Local taxpayers have reasons to be concerned about city finances after hearing a report on the city’s fiscal state, but the report also offers evidence that city officials have made responsible decisions that have made the situation in Fort Wayne better than in many other Hoosier cities.
The city’s fiscal working group presented an impressive amount of research to the Fort Wayne City Council last week. The group includes experts on local government finance such as John Stafford, director of the Community Research Institute at IPFW; Larry DeBoer, a professor of agricultural economics at Purdue University; and William Sheldrake, president of Policy Analytics.
Yes, the city faces budget challenges that will only become more difficult as state-mandated property tax caps reduce more revenue to cities and other local governments. Yes, the city will very likely have to raise local income taxes someday, something few citizens want.
But when looking at how Fort Wayne fares against other cities, it’s clear that local officials were good stewards of the public’s money. Years before knowing there ever would be limits on the property taxes of individual property owners, the sound decisions left Fort Wayne better positioned than many other cities.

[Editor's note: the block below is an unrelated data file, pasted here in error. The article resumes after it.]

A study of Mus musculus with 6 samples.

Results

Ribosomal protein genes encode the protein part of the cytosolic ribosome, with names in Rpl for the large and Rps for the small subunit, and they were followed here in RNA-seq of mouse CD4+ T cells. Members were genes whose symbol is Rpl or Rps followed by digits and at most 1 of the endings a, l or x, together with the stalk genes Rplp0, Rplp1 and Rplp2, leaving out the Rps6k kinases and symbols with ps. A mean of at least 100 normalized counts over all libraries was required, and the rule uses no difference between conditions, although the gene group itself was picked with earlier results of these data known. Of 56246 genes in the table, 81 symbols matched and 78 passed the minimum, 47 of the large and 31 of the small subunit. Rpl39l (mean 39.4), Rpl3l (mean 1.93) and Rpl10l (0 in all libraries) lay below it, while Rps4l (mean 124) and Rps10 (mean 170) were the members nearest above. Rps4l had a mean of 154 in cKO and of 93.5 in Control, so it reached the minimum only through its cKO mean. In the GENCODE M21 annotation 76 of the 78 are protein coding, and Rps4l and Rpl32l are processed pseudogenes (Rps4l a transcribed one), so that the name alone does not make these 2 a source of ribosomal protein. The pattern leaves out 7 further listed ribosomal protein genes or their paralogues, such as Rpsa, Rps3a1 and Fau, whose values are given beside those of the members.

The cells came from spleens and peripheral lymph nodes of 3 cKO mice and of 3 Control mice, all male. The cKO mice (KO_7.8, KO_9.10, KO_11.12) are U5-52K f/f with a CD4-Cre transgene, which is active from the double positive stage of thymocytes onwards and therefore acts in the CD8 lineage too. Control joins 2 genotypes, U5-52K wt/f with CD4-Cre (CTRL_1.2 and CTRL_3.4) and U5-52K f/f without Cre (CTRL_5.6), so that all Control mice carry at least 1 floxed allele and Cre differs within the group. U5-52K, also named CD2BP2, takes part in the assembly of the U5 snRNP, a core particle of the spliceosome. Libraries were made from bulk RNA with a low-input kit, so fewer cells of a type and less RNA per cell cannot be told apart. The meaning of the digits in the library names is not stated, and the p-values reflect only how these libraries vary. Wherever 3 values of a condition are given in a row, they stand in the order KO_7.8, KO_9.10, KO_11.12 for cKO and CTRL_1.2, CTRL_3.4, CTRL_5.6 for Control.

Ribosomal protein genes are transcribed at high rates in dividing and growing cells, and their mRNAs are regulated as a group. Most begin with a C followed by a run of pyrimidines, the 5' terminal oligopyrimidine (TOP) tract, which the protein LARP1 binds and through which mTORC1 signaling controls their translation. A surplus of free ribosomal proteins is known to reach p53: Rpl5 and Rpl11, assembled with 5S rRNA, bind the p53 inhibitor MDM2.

The accompanying graph shows how tax caps – also known as circuit breakers – are limiting cities’ incomes. The higher the percentage vertically, the more a city is losing. Fort Wayne is well below South Bend, Gary, Muncie, Anderson, Hammond, Elkhart and Terre Haute in the amount of revenue lost to the caps.
The graph also shows – horizontally – the tax rates of cities. Not coincidentally, Fort Wayne is below the rates of those same cities.
The city rightly has shifted some of its revenue from property taxes to income taxes over the years, easing reliance on property taxes. The past three mayoral administrations have reduced many costs by finding efficiencies and scaling back programs. So when tax caps came, Fort Wayne was able to get by without closing fire stations or making other significant cuts in services.
The city still faces significant decisions in coming years about how much to cut spending and how much to increase taxes. But Fort Wayne has many more options than many other Hoosier cities because of good financial stewardship in the past.